Commercial and recreational fishing should be banned in nearly one third of the Great Barrier Reef Marine Park to protect the range of reef and non-reef species and communities, according to a draft zoning plan released by the Australian Government on June 2. The plan, now out for public comment, would designate 111,700 km2 of the 350,000-km2 marine park as off-limits to fishing, effectively creating the world's largest network of no-take marine reserves.
When deciding where to site new marine protected areas, planners often consider the "naturalness" of a location - its relative lack of disturbance or degradation by humans. Reasons for using this criterion vary from economic to scientific, and from ecological to philosophical. In each case, the goal of these planners is to protect relatively pristine sites before significant human-induced change occurs.
Volunteer ranger killed in Philippines
Nations generally hold their coastal waters and submerged lands to be the property of the state, kept in the public trust. As a result, the great majority of marine protected areas around the globe are publicly operated, with government oversight of planning and management. However, there are examples worldwide of MPAs that exist under the ownership of (or long-term lease to) private organizations, and other MPAs are managed through close partnership arrangements between private and public entities.
Editor's note: Bill Ballantine, author of this perspective piece, is a marine biologist at the Leigh Marine Laboratory, University of Auckland. In last month's MPA News, Ballantine outlined a set of scientific principles he described as necessary for the planning of systems of no-take marine reserves (MPA News 4:9). This month, he envisions what the future of marine reserve monitoring and management will be like if those principles are followed.
Editor's note: Lynne Hinkey, co-author of this perspective piece, is a trainer at the Coastal Services Center of the (US) National Oceanic and Atmospheric Administration (NOAA). She has taught courses on conflict management across the US and has been involved in an array of public processes surrounding marine management issues, including MPAs. Heidi Recksiek, her co-author, coordinates MPA-related training and technical assistance services for the (US) National MPA Center, managed by NOAA.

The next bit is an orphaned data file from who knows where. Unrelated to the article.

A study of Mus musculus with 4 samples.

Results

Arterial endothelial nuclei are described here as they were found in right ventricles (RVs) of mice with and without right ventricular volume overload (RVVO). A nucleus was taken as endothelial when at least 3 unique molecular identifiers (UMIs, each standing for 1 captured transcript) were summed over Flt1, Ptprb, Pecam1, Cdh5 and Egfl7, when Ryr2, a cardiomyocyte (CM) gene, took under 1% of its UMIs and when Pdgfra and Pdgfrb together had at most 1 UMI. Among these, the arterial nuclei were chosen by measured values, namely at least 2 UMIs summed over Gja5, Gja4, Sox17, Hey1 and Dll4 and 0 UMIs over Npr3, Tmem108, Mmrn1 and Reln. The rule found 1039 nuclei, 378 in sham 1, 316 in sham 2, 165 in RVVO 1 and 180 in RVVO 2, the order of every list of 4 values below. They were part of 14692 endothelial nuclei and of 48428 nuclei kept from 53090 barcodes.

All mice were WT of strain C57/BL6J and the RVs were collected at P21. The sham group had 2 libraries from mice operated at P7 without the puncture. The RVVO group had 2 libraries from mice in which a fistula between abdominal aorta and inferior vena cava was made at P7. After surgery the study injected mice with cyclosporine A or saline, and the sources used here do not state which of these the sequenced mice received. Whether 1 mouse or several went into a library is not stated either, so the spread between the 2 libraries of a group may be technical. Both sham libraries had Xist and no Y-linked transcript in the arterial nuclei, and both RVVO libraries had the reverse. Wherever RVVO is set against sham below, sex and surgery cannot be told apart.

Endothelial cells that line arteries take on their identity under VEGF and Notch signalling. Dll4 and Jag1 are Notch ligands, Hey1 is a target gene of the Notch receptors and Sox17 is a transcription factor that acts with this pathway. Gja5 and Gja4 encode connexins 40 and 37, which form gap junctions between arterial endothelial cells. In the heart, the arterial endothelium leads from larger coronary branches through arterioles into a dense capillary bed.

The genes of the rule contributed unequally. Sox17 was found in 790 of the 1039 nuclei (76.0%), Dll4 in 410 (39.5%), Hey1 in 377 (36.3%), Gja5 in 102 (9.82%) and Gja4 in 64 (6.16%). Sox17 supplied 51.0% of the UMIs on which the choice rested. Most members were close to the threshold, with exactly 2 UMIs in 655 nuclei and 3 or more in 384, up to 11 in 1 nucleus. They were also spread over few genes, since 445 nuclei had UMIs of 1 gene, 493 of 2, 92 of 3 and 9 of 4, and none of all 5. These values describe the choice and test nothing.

International effort launched to protect park rangers
IUCN and the International Ranger Federation (IRF) have co-launched an initiative to address physical threats and violence faced by rangers in protected areas around the world. The "Protect the Protectors" initiative seeks to draw international attention to the increasing dangers faced by rangers - including assaults by poachers, smugglers and other criminal elements - and to enhance ranger safety.
For scientists who study the larvae of marine species, traditional theory has held that such offspring are relatively passive in their movement, riding ocean currents potentially great distances before settling in a new area of the sea. But recent research on larval dispersal has suggested that for many species, larvae may play a relatively active role in determining their own settlement area. Some larvae may even resist currents in order to stay in local waters, the home range of their parents, establishing a cycle of self-recruitment for the resident population.
Editor's note: Bill Ballantine, author of the following perspective piece, is a marine biologist at the Leigh Marine Laboratory, University of Auckland. He has advocated the concept of no-take marine reserves since the 1960s, and helped promote many of the 18 reserves in New Zealand waters. He was awarded a Goldman Prize in 1996 for his grassroots efforts in support of marine reserves.